Gun-rights advocates in Texas had a lot to celebrate with the start of 2016. On Jan. 1, the state’s “open-carry” law went into effect allowing licensed gun owners to visibly carry a handgun in most public places.
“It feels great,” said Christopher Carmen Sr., among the first to take advantage of the new law -- enjoying a cup of coffee outside Austin on New Year’s Day with a pistol strapped to his side for all to see. “I want to say that I have more freedom. I just feel safer.”
But the law also is causing some confusion in the law enforcement community, where officers are unclear how far they can go to check licenses.
“What authority [do] the officers have?” asked Kevin Lawrence, executive director of the Texas Municipal Police Association. “We need to get that clarified as much as possible so the officers know what’s expected of them going into any given situation.”
Texas is the 45th state to allow open-carry in some form. Thirty states do not require the carrier to have a license, but Texas is among the 15 states that require a permit. Existing gun owners -- those who previously had concealed-carry permits -- are not required to do anything different. New applicants will have to go through updated training, according to the Texas Department of Public Safety.
Lawrence said his organization isn’t an opponent of the law itself, but is concerned about how it’s enforced. He said the wording of the law when it comes to checking licenses is very vague and leaves officers exposed.
“If a citizen calls in, a business calls in, and says there is someone here carrying a firearm that we’re concerned about -- the question then becomes exactly how much authority does that officer have to approach that individual and investigate whether or not they have a license to carry that gun?” Lawrence said.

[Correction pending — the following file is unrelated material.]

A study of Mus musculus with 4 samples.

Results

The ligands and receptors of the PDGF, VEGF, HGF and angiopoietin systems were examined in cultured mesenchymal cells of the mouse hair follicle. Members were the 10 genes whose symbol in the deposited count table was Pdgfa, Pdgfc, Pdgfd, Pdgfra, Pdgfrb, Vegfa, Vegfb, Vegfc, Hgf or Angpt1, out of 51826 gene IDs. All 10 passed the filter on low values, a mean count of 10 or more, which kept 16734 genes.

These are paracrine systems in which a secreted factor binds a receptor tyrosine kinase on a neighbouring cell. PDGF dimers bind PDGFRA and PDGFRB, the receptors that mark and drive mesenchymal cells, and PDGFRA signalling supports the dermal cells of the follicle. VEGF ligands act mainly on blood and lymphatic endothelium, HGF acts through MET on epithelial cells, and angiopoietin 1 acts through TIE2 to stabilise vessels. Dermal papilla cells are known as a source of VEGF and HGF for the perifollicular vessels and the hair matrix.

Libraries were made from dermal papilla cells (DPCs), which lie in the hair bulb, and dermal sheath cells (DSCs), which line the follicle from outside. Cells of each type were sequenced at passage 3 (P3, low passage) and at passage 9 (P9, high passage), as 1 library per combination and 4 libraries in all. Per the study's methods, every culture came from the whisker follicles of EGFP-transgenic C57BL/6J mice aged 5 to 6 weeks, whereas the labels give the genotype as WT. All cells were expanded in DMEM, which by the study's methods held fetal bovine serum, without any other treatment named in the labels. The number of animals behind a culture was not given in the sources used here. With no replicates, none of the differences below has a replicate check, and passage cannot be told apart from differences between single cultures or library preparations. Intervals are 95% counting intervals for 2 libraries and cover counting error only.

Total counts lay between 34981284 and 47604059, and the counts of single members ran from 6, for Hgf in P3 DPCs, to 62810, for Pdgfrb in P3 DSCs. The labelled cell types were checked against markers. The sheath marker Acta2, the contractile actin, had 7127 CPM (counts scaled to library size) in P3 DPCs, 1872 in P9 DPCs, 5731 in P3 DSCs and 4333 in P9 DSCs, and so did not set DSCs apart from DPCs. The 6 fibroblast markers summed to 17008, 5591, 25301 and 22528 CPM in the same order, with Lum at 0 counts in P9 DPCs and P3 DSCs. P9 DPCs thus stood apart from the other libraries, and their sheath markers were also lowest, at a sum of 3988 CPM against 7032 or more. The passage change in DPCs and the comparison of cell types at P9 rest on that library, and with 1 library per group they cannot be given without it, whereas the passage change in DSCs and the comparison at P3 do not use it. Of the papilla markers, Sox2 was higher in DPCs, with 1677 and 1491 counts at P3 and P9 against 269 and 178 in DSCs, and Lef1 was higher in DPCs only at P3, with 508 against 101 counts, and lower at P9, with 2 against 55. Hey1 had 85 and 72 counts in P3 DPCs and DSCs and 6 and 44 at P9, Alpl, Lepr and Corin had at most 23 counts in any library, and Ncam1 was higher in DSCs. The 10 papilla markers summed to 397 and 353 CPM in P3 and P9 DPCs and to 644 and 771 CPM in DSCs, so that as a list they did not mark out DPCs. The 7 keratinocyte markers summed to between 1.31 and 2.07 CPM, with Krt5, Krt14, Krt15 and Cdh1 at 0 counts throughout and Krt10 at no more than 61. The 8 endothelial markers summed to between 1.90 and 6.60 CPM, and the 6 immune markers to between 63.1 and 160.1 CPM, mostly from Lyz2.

In other words, Lawrence told Fox News, if an officer can’t legally ask to see a person’s permit then there’s no way of knowing who is carrying legally. TMPA is the largest law enforcement union in Texas, representing more than 23,000 peace officers around the state.
“Ultimately, we’re going to have to get some rulings out of the courts before we know exactly what the rules are,” Lawrence added.
There are some exceptions to the state’s open-carry law as well. People still may not openly carry handguns at schools, sporting events, bars, voting locations, correctional facilities and secure areas of airports. For private businesses, it’s up to the individual owner.
That leaves business owners with a difficult decision.
“It’s pretty tough. As a business owner, you alienate one group and they stop shopping with you. You alienate another group and they stop shopping with you, and it’s a lose-lose,” said Shane Peterson, who works for a hardware store in Grand Prairie, near Dallas, and attended a question-and-answer session with local police to make an informed decision.
If business owners do not want their customers packing heat, they must put up proper signage on the front door.